Management Unleashed – Bribery, does it have a role in today’s business?

Management Unleashed – Bribery, does it have a role in today’s business?

This article was first published in Business Times on 14 September 2019

Management Unleashed – Bribery, does it have a role in today’s business?

John Bittleston, Terrific Mentors International

A substantial part of a company’s compliance today has to do with bribery. Bribery is the act of giving or receiving something of value in return for something else of value which the other party might not have offered. It is a topic as old as prostitution and just as controversial. I frequently take clients out to lunch in order to have an informal setting to help them with often intractable problems. Am I bribing them? Certainly not intentionally.

What constitutes a bribe?
Is an expensive set of golf clubs for a big and profitable client bribery? So much of life is transactional that distinguishing bribery from generosity always has to do with motive and often has to do with quantum – how much value is involved. Golf clubs are not cheap and the gesture would certainly be considered a bribe unless there were some special circumstances and the transaction was fully transparent and audited. In my business I always paid about 15% above market rate – and then gave a 100% bonus if targets were achieved. The system was slightly complicated as people had to set their own targets. It sounds like a pushover but it was no such thing. The higher the targets set, the higher the bonus and vice versa.

A manager and his team, who were rewarded the same way, had every incentive to set high targets – and every incentive to achieve them. No achievement, no bonus. No bribery here. Except that it was, in a way, an official bribe to do better. But what if I had applied the same system to my distributors but paid the bonus in cash to the boss? That would have been bribery. Does form of payment therefore determine whether a payment is a bribe or not? In some cases it certainly can.

Make it transparent to reduce the negative impact
Should we ever condone bribery? Certainly not in principle. However, where very low paid workers depend on their tips to feed their families, I think it is permissible provided the quantum is small. It should be done transparently and openly, as far as possible. That won’t make it right but it will reduce the risk of it being seen as underhand and illegal. In fact, transparency is the key to reducing corruption. That is an objective we should all have.

It is not the small tips for little services well rendered that create the problems associated with bribery. It is when a system of corruption is devised with the express purpose of robbing one or more parties for personal gain. For example, when a supervisor is overseeing a logging project and he is bribed to exceed the agreed quota. In cases like this, bribery is simply another form of theft and money laundering.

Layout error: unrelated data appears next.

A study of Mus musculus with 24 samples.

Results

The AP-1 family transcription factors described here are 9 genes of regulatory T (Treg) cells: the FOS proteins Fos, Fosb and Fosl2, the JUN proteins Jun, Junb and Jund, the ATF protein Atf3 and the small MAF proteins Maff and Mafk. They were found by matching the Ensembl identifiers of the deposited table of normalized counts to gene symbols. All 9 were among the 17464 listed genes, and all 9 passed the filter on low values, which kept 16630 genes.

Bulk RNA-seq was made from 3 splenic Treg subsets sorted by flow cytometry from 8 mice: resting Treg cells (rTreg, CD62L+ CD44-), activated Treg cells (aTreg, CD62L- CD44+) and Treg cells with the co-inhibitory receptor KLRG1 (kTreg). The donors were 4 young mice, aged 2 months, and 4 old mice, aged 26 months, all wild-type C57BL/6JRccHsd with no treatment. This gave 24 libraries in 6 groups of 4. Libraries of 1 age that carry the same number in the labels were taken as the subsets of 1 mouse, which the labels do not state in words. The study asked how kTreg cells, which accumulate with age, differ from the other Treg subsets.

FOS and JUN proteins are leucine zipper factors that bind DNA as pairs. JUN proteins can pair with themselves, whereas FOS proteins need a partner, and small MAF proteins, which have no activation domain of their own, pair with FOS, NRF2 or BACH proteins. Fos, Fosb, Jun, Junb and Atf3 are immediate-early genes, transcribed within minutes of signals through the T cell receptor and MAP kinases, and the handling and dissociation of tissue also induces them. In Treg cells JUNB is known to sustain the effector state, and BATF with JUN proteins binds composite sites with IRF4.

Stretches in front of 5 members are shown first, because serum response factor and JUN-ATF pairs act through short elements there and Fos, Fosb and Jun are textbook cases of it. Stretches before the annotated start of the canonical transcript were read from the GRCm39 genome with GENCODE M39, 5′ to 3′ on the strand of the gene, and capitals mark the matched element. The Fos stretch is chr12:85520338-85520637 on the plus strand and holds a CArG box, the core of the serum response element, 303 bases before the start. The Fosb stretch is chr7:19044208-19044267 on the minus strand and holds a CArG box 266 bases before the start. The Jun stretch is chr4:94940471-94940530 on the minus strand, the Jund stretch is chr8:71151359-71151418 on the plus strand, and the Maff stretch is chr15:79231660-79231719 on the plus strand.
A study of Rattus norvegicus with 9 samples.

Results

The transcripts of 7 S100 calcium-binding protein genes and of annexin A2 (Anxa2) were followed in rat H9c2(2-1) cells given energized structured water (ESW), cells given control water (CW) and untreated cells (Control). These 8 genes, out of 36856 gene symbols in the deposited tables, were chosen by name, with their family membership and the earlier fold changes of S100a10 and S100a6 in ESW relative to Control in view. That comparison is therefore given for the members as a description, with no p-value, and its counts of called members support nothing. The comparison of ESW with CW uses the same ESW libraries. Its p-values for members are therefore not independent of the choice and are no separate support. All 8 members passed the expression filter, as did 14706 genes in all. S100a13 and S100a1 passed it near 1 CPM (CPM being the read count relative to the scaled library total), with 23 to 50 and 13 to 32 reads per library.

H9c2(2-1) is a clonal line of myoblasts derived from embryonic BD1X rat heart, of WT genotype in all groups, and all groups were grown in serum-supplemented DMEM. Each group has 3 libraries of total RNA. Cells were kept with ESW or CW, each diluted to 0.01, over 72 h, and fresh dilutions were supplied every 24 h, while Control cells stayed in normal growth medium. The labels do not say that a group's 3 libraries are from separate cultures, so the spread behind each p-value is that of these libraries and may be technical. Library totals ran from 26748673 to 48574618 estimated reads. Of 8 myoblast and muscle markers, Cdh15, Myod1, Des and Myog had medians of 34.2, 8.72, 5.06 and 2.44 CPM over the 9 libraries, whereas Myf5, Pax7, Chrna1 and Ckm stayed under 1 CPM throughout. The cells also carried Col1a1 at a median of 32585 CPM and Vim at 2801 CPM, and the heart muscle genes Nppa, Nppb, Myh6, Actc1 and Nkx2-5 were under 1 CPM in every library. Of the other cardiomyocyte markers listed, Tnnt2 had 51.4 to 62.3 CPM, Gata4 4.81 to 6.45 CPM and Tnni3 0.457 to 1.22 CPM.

What happens when a gift is given, voluntarily and without any pre-knowledge, on completion of a project? For example, if I had built a substantial road and the day it was opened, the head of the contractor that has booked me gave me a very expensive watch. Would that be seen as bribery? Not if it was declared and offered to the company I worked for. In all probability they would tell me to keep it. But they would declare it to the Auditors who might make a note in the company’s accounts for all to see.

Keeping records
Big scale bribery would be on the rise but for the terms and conditions of employment and purchase often insisted on especially for procurement officers and their staff. So strict can the conditions be that anyone in a position of potentially being threatened with a bribery accusation should keep and disclose a very thorough record of transactions beyond the normal company accounts. This is best done as a diary with, where appropriate, pictures of goods and transactions not officially recorded in the books.

Working with the Boys Clubs in the Bermondsey Docks immediately after WWII I noticed that one of the organisers always received a bottle of Scotch at the end of each group of sessions. It came from one of the sponsors who thought this person did a very good job. I agreed with that. But the Scotch transaction seemed to be slightly furtive and I decided one day to face the person and find out what was going on. He was absolutely open about his bottle and explained to me that he didn’t want to share it around as he didn’t want to encourage the boys to drink. I thought his reason was totally acceptable and helped him bear the burden of his Scotch thereafter.

Keeping the quantum small
In some parts of the world, small scale bribery is accepted as part of the wages of the people being bribed. Stop it there and you reduce or wipe out their livelihoods altogether. It is said that the doorman at the Ritz Hotel in London pays a considerable sum to the hotel to have the job because his tips are generous pickings. Tips are always bribes. They originated on the British railways. They were To Insure Promptness – hence the abbreviation TIP. But a Service Charge, spread fairly and equally among the staff in an hotel or restaurant isn’t a bribe, it is just part of the transaction.

Bribery is something that happens all the time but we don’t identify it as such. Kept fully transparent, openly recorded and provided the quantum is limited it can be countenanced while it is seen. Motive is always the determinant of bribery. While knowing others’ motives is not always possible, most of the time we can make a sensible guess.

After all, when negotiating with another business, we want to achieve a good deal. And we also want to maintain harmony. A little give and take is always necessary.

If that is bribery then I don’t think it is ever going to be completely eliminated.